Annmarie Fertoli is an Associate Producer at WNYC, working with the afternoon news team to produce All Things Considered.
Before joining the station in 2010, she worked as a news anchor and reporter for WFUV at her alma mater, Fordham University. She's also worked for community newspapers in Queens and on Long Island. Annmarie's interests include culture, veterans’ issues, and mental health. She's contributed pieces to WNYC's Adjusting to Home series, documenting the struggles of returning service men and women. Annmarie has also won awards for her work from the Society of Professional Journalists and Public Radio News Directors, Inc., for her news anchoring and for her documentary, The Beauty of Madness. Follow Annmarie on Twitter @annmariefertoli.
St. Mark's Bookshop, a community staple for more than three decades, is looking for another home in the East Village.
"Columbia pays the bills. Apartheid kills." That was the chant at Columbia University in 1985 as students protested against the university's financial involvement with the South African government.
This is the second year of #GivingTuesday, a day to give back to your community during the holiday season.
New York Magazine, long known as a cultural touchstone and pioneer in the magazine journalism world, is going bi-weekly.
Looking for a furry friend?
The New York Giants and the New York Jets are reaping the benefits of MetLife Stadium, but at what cost to the taxpayers of New Jersey?
It's an exciting new chapter for a Queens building with a storied past. The Queens Museum has re-opened to visitors, after a $69 million dollar redesign.
National Weather Service meteorologist Lauren Nash said an approaching nor'easter could dump up to four inches of rain on the city before Thursday morning.
It'll also be windy, with gusts up to 45 miles an hour. Nash said that could pose a problem for car and air travelers, especially at ...
What do horse racing and street art have in common?
Questions remain about the death of a Brooklyn-based diver who attempted to set a record for the deepest dive without the aid of oxygen or fins.
Affordable housing at Atlantic Yards is receiving increased focus from lawmakers.
The New York City Housing Authority is launching a pilot program that'll allow a limited number of former inmates to move back in with their families in public housing. The authority's chairman, John Rhea said the goal is to provide a stable environment for the formerly incarcerated.
Call it the countdown for Bloomberg's building era. The City Council has blocked Mayor Bloomberg's plan for Midtown East rezoning, and that is not the only major development the mayor has backed that he won't be in office to see through. Daniel Geiger, a reporter with Crain's New York Business, said the failure of that project must be a major disappointment. But failed projects are more the exception than the rule for the Bloomberg Administration. Now the question turns to what developments mayor-elect Bill de Blasio might put his stamp on, like affordable housing.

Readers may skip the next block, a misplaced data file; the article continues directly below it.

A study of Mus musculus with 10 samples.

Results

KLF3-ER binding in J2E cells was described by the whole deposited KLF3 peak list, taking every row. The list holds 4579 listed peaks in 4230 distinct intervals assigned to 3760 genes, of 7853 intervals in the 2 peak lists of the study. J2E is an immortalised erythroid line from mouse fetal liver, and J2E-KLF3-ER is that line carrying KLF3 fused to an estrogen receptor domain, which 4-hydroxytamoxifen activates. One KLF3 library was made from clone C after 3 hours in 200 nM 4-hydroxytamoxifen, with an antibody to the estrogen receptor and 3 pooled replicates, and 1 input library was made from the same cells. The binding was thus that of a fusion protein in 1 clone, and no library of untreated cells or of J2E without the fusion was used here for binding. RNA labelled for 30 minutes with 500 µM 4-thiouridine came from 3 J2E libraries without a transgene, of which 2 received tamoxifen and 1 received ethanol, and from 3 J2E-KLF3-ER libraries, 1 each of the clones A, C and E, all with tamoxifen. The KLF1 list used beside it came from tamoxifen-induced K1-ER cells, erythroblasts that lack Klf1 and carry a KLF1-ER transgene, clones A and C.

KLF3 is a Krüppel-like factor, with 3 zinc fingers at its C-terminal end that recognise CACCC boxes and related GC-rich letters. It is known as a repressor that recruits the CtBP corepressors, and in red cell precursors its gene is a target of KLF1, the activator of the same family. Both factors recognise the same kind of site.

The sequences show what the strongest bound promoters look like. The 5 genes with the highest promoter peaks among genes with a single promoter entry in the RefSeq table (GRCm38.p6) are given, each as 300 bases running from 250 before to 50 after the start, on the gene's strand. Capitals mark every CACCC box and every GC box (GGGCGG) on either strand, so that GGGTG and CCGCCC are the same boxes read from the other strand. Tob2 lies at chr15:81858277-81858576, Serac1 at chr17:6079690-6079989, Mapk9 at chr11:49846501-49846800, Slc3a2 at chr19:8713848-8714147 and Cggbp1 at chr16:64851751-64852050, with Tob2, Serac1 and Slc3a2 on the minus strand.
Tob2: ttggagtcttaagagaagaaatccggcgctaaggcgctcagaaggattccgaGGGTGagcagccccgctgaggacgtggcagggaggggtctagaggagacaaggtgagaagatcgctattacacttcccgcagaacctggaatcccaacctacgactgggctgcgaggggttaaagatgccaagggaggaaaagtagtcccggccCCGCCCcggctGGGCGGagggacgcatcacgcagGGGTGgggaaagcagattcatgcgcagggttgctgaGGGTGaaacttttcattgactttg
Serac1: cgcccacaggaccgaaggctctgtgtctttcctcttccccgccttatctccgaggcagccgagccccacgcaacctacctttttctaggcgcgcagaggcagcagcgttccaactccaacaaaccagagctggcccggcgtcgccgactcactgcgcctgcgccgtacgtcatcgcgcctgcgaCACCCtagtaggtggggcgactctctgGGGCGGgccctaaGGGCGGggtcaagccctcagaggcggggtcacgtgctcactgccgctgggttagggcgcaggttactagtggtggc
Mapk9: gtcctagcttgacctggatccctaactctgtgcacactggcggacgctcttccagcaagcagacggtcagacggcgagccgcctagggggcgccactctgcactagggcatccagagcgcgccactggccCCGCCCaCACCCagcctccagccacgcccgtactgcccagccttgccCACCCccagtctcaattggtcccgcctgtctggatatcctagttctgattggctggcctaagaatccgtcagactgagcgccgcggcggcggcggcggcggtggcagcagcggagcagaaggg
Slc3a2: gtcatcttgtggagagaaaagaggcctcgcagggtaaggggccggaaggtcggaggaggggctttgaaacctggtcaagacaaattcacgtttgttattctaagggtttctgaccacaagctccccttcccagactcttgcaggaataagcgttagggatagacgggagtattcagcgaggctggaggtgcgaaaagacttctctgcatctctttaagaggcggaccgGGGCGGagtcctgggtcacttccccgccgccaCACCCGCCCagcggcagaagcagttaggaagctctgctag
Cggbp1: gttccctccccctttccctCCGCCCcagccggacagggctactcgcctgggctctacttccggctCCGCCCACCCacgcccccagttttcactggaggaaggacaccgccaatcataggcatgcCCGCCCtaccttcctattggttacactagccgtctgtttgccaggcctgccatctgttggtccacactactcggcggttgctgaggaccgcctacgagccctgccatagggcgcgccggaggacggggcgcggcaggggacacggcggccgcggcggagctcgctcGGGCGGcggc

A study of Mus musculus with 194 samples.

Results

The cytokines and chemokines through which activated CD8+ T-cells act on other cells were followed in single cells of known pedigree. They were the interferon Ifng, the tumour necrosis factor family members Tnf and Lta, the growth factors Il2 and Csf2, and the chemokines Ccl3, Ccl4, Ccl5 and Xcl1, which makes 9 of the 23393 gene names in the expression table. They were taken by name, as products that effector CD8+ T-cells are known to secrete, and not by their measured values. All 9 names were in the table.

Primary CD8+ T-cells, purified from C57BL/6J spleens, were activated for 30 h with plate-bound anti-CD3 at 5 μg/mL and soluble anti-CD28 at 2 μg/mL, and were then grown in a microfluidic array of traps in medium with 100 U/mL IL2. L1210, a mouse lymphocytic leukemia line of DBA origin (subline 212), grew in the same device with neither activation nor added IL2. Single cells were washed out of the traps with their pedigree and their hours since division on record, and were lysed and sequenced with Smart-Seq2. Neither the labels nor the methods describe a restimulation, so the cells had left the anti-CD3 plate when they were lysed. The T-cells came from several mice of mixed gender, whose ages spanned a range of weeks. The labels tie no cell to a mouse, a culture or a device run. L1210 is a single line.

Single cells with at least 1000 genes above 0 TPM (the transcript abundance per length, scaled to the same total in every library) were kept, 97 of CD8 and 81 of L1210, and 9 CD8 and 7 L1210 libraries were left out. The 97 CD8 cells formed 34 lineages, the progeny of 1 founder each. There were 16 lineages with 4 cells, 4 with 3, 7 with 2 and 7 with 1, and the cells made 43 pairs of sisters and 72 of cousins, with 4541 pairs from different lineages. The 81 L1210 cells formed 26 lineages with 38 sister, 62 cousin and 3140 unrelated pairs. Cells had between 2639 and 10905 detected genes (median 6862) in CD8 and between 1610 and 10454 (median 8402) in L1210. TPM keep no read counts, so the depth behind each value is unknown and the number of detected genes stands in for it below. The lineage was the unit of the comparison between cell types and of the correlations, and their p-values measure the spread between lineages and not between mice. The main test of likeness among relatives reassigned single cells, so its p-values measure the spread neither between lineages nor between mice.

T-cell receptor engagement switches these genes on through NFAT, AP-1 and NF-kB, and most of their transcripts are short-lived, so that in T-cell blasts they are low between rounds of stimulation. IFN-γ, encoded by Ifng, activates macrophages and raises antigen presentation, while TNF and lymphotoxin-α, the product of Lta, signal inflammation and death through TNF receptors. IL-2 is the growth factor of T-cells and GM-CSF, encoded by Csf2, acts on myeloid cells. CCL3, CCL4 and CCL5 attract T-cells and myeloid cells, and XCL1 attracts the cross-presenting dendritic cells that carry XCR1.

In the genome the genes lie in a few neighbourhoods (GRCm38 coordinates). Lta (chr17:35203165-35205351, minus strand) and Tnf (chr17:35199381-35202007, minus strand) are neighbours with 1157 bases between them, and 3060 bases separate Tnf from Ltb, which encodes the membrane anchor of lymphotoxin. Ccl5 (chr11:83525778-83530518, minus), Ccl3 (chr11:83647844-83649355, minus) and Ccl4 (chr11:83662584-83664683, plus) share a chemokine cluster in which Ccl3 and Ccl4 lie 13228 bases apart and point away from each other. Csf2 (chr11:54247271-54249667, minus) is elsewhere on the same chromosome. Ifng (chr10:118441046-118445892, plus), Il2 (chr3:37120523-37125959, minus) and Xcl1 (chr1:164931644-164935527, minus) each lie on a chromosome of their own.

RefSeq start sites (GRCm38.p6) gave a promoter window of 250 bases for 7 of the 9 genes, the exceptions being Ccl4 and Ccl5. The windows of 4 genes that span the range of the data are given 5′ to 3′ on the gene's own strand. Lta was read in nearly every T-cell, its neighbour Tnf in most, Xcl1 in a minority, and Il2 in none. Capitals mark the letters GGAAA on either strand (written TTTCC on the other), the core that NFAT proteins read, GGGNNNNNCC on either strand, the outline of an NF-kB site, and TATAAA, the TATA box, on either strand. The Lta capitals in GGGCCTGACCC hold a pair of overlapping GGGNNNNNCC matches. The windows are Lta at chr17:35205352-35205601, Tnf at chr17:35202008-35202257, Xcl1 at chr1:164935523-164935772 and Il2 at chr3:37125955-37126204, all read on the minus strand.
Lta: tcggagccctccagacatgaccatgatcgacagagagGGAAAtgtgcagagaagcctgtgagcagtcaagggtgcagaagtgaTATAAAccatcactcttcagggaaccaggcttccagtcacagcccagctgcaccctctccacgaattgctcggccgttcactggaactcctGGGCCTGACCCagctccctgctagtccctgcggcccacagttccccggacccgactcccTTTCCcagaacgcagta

"People are really interested to see A, what he will do to incentivize this construction, and B, where is he going to build it," Geiger said.
To hear the full conversation with Geiger, click on the audio player.
Fans of the band The Yellow Dogs are in mourning in Tehran, Iran and Brooklyn, New York. Two members of the Iranian band — brothers Arash and Soroush Farazmand — a third musician, Ali Eskandarian, and the suspected shooter, Ali Akbar Mohammadi Rafie, were killed in a triple-murder suicide in East Williamsburg early Monday. Police are still searching for a motive in the tragic crime.
A new study finds that more than 14 percent of the city's 16 to 24-year-olds are either unemployed, or not going to school.
The Metropolitan Museum of Art is celebrating a victory, after a state supreme court judge upheld the museum's pay-as-you-wish policy.
A large stretch of 1st avenue has been re-paved using asphalt the Department of Transportation says is more durable and easier to maintain. Commissioner Janette Sadik-Khan says the roadway was originally paved with 18-inches of concrete 30 years ago, which was more cost-effective at the time, back in 1983.
"Linsanity" is back in New York, thanks to a new documentary.
The Great GoogaMooga food and music festival will not be held in Prospect Park next year, officials say.
Carnegie Hall is moving forward with its concert Thursday night, after canceling Wednesday's opening night gala due to a stagehand strike.